JAKARTA/HANOI -- Vaccine diplomacy by China and the U.S. has entered a new stage as their drugmakers transfer technology to players in Southeast Asia to kick-start local production.
The region has welcomed these efforts, since it provides a greater boost to the pharmaceutical industry there and creates more jobs than shipments of ready-for-use coronavirus jabs. Some companies have even begun testing vaccines in Southeast Asia that have yet to receive authorization in the countries in which they were produced.
Etana Biotechnologies Indonesia will start producing mRNA vaccines -- the same type developed by Pfizer and Moderna -- in July, Luhut Binsar Pandjaitan, Indonesia's coordinating minister of maritime affairs and investment, announced last month.
Etana is receiving technological assistance from Chinese drugmaker Walvax Biotechnology. The Indonesian company is currently conducting Phase 3 trials, with plans to eventually produce 70 million doses annually.
Over 80% of vaccines Indonesia has secured come from Chinese companies Sinovac Biotech or Sinopharm. But their inactivated-virus vaccines are believed to be less effective than mRNA shots, and the Indonesian government is rushing to secure more Pfizer and Moderna doses.
The Sinovac and Sinopharm vaccines are also the most commonly available options in mainland China. Walvax is working on gaining approval for its mRNA shot there.
Located in the heart of the Indo-Pacific, Southeast Asia has emerged as the front lines for vaccine diplomacy. China had provided 190 million doses to members of the Association of Southeast Asian Nations by mid-September.
China has focused in particular on Indonesia -- home to Southeast Asia's largest economy and population -- in terms of technology transfers. Chinese Foreign Minister Wang Yi has expressed hopes that the country will become a production hub for the region.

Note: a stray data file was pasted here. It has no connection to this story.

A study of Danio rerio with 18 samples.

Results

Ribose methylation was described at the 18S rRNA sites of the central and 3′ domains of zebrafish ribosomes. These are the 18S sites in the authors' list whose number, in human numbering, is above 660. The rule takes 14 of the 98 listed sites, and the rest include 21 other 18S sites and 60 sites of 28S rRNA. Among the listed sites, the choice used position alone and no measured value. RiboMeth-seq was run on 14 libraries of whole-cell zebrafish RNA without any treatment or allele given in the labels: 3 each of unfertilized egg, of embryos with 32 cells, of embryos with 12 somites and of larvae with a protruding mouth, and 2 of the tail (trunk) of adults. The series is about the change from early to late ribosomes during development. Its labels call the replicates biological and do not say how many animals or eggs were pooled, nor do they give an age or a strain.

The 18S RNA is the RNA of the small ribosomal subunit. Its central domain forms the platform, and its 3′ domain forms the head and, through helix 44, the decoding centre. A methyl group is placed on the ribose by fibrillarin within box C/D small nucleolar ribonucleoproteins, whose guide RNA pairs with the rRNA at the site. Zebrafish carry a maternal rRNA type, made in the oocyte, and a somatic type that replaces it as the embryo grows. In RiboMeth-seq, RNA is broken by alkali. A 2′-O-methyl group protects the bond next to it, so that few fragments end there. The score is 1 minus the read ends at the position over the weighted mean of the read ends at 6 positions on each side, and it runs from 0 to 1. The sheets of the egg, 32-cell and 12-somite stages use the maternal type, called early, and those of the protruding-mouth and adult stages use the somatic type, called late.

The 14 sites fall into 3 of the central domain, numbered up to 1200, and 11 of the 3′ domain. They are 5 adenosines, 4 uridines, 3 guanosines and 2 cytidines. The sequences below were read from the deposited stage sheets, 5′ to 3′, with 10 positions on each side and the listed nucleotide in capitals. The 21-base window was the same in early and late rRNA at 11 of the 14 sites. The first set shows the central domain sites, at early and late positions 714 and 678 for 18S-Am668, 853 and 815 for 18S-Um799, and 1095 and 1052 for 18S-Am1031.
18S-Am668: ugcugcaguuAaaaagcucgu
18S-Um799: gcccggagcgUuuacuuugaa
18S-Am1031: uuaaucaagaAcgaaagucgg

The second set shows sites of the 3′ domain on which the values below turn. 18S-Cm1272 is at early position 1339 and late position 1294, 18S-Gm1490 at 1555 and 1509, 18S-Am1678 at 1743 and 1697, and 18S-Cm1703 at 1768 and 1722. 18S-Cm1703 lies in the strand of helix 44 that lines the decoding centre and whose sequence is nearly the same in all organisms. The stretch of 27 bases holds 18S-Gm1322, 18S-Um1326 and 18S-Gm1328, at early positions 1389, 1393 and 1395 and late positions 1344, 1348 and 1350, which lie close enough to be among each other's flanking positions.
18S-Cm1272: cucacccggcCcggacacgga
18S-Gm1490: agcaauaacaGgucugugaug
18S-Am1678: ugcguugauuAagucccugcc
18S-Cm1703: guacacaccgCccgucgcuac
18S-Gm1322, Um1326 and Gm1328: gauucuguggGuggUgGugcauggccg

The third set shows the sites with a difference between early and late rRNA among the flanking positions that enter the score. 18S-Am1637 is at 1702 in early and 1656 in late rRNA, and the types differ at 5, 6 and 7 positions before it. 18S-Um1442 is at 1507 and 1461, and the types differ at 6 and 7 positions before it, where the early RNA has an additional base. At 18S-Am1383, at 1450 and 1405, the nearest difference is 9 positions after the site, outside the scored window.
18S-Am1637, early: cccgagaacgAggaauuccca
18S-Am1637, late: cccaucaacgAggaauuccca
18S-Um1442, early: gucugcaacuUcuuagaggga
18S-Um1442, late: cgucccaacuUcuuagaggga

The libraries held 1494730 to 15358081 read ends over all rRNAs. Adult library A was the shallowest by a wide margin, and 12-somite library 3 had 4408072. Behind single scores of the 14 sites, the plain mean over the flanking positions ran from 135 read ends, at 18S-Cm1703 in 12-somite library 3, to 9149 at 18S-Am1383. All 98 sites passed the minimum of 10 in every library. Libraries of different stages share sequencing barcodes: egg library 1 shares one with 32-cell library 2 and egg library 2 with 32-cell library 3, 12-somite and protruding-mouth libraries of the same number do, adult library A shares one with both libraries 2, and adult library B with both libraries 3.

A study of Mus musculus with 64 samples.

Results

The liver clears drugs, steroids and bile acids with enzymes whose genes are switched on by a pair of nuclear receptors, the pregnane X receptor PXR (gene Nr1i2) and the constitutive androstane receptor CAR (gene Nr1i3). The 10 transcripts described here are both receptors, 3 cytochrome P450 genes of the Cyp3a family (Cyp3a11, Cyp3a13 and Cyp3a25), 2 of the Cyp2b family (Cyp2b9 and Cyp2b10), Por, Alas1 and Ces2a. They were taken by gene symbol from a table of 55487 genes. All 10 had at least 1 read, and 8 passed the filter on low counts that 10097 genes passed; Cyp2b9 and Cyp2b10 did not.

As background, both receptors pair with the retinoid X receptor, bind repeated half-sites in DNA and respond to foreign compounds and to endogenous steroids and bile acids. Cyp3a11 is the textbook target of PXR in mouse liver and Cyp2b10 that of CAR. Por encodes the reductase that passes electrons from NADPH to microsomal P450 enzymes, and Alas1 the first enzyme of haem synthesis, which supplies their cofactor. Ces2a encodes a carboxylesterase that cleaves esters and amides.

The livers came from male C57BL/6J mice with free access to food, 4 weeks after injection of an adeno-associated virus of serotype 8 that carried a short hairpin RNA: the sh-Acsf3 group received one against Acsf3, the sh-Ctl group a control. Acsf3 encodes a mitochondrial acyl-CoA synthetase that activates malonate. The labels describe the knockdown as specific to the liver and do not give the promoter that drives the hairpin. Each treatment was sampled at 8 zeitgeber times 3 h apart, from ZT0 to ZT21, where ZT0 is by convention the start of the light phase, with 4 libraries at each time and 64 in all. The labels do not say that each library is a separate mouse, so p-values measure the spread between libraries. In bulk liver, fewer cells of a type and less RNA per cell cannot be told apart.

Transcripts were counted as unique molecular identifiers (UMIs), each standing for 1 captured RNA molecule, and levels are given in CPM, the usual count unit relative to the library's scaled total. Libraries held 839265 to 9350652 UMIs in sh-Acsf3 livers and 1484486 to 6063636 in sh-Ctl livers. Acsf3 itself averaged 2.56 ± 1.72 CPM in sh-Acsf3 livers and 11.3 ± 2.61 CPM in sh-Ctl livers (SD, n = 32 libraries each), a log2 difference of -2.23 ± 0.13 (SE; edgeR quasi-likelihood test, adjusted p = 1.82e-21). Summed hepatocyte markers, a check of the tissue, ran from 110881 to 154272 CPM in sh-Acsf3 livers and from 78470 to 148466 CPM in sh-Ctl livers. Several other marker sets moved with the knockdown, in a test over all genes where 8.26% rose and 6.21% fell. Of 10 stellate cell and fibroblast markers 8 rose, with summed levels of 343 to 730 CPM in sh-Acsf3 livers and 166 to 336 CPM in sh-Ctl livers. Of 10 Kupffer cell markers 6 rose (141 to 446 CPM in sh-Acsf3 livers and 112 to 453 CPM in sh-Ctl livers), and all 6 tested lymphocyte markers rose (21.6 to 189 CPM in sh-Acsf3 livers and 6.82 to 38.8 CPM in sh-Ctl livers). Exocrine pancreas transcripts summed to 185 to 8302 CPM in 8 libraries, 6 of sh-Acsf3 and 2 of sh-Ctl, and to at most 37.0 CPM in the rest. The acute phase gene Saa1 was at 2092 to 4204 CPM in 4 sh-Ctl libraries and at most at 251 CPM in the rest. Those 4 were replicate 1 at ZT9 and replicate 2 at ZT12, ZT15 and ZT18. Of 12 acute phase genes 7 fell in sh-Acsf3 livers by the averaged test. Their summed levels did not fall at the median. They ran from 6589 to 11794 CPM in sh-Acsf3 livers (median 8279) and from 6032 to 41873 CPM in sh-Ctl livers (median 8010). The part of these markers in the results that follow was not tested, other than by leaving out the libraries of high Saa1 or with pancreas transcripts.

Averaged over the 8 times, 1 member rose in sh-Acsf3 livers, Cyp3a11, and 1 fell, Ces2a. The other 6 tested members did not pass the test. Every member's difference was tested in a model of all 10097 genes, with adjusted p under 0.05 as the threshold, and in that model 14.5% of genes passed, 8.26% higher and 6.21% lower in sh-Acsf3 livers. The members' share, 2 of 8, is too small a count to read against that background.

Meanwhile, the U.S. is playing catch-up with the help of its partners in the region.
U.S.-based Dynavax Technologies last week signed a memorandum of understanding on vaccine development with Indonesia's state-run Bio Farma. The agreement allows the companies to jointly develop a vaccine using recombinant proteins, said Indonesian Foreign Minister Retno Marsudi, who attended the signing.
Arkturus Therapeutics is preparing to produce an mRNA vaccine in partnership with leading Vietnamese conglomerate Vingroup. It announced Wednesday that its Phase 1 trial in Vietnam had concluded, with the Phase 2 trial set to start with people who have similar characteristics to those for whom the new vaccine is intended.
The company aims to start production at a new plant in Hanoi in early 2022, and reach up to 200 million doses a year.
Beyond Chinese and U.S. players, Japan's Shionogi is looking to conduct Phase 3 trials -- the final trial involving thousands of people before the vaccine is given to the public -- in Vietnam and other Southeast Asian countries, and is working to transfer its technology to these markets.
Siam Bioscience, owned by Thai King Maha Vajiralongkorn, began producing AstraZeneca vaccines there in June. Roughly half the vaccines in Thailand are made in China, and the government looks to diversify its supply in preparation for mixed-dose regimens.
Case numbers in Southeast Asia are settling down from a summer surge driven by the delta variant. But concerns over new contagious variants persist. The region depends on foreign-made vaccines, meaning supply could plunge once countries like the U.S. start focusing on booster shots at home. There are strong incentives to start producing shots within the country, even if they are not yet formally approved.
Indonesian business insiders hope that vaccine production will bolster the domestic pharmaceutical industry. Developing, manufacturing and distributing shots require input from many different sectors, and could increase employment rates.